Producing biomaterials that match the performance of cartilage and tendons has been an elusive goal for scientists, but a new material created at Cornell demonstrates a promising new approach to mimicking natural tissue.
The results were published July 8 in the Proceedings of the National Academy of Sciences, and provide a new strategy for synthesizing clinical solutions for damaged tissue.
Tissue has to be soft enough to bend and flex, but durable enough to withstand prolonged loading – for example, the weight a knee tendon must support. When tissue wears out or is damaged, collagen hydrogels and synthetic materials have the potential to serve as replacements, but neither alone possesses the right combination of biological and mechanical properties of natural tissue.
Now, Cornell researchers have engineered a biohybrid composite material with the essential characteristics of a natural tissue. The material consists of two main ingredients: collagen – which gives the material its softness and biocompatibility – and a synthetic zwitterionic hydrogel, which contains positively and negatively charged molecular groups.
“These charge groups interact with the negatively and positively charged groups in the collagen, and this interaction is what enables the materials to dissipate energy and achieve high levels of toughness,” said Lawrence Bonassar, the Daljit S. and Elaine Sarkaria Professor in Biomedical Engineering in the College of Engineering and co-lead author of the study.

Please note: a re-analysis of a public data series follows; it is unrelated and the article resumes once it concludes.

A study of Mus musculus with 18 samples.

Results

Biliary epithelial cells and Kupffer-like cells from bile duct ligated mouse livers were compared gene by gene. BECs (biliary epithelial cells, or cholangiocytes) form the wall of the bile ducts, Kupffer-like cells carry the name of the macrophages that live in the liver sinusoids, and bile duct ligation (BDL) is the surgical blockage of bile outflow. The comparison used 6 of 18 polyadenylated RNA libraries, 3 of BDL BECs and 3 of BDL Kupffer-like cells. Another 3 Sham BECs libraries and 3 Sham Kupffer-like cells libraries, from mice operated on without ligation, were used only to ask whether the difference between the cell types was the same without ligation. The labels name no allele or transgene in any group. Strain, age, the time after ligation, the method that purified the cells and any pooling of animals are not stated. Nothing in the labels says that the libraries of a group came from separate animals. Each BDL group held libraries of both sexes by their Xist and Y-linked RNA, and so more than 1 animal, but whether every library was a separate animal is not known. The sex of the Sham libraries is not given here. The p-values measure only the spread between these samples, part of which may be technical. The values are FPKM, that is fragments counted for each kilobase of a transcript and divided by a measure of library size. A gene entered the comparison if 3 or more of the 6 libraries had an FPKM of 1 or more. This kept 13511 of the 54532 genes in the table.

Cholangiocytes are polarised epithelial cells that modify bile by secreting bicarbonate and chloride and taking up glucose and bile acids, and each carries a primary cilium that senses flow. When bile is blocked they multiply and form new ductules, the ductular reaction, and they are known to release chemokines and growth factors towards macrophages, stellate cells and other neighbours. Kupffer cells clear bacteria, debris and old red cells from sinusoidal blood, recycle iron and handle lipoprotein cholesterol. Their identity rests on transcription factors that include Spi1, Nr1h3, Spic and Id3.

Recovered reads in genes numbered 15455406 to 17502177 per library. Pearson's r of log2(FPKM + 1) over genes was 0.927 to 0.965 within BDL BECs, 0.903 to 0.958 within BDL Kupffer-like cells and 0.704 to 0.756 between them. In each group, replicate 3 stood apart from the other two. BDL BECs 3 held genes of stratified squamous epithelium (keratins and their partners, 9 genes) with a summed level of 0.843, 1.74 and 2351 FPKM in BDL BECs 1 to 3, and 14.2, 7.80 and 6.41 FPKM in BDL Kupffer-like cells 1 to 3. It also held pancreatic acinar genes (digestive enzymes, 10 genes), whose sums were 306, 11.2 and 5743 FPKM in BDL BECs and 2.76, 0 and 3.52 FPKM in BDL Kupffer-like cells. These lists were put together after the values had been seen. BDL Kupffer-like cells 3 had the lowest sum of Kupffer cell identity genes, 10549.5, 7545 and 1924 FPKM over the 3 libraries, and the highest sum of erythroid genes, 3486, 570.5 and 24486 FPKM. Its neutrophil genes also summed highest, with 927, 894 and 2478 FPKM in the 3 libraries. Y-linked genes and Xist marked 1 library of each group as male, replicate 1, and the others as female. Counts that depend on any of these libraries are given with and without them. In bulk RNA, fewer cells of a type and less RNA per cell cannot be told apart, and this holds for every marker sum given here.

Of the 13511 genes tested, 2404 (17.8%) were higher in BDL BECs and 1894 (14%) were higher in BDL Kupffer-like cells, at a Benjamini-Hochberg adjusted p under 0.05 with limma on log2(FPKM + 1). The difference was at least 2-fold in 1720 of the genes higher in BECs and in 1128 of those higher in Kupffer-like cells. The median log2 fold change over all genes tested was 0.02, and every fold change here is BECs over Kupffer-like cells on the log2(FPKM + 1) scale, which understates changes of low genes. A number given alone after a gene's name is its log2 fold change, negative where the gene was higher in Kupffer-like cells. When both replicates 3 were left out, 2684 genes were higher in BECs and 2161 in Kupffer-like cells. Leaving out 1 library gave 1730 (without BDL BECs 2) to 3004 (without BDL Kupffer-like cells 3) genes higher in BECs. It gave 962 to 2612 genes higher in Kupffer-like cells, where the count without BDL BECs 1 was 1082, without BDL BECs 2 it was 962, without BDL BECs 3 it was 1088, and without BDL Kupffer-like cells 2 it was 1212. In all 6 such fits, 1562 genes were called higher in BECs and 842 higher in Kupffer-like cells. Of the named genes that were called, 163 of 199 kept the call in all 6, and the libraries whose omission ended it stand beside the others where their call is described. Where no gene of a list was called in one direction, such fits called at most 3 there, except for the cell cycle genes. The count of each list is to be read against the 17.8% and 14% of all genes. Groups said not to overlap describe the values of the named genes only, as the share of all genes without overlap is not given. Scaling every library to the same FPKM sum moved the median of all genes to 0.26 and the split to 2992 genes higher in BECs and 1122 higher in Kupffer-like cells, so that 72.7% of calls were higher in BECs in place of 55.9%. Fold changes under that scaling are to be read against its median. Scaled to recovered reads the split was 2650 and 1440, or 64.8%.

The biohybrid composite approaches the performance of articular cartilage and other biological tissues, possessing 40% more elasticity and 11 times the fracture energy – a measure of durability – of the zwitterionic material by itself.
Nikolaos Bouklas, assistant professor in the Sibley School of Mechanical and Aerospace Engineering and co-lead author of the study, said the material’s biocompatibility means it can recruit cells and keep them alive.
“Ultimately, we want to create something for regenerative medicine purposes, such as a piece of scaffold that can withstand some initial loads until the tissue fully regenerates,” Bouklas said. “With this material, you could 3D print a porous scaffold with cells that could eventually create the actual tissue around the scaffold.”
In addition, the biohybrid material is self-assembling once the two ingredients are mixed, Bouklas said, creating “the same interconnected network of collagen seen in natural cartilage, which otherwise would be extremely hard to produce.”
The research brought together four research labs from three different departments thanks to a seed grant from the Cornell Center for Materials Research. The collagen used in the biohybrid composite had already been under development in Bonassar’s lab, while the zwitterionic hydrogel was developed by the study’s co-authors Robert Shepherd, associate professor in the Sibley School, and Emmanuel Giannelis, the Walter R. Read Professor of Engineering in the Department of Materials Science and Engineering.
The study’s authors are continuing to research the material and the molecular processes behind its synthesis. Bonassar said the material is well suited for the type of bioprinting pioneered in his lab, and the authors have begun experimenting with using it as a 3D-printing material.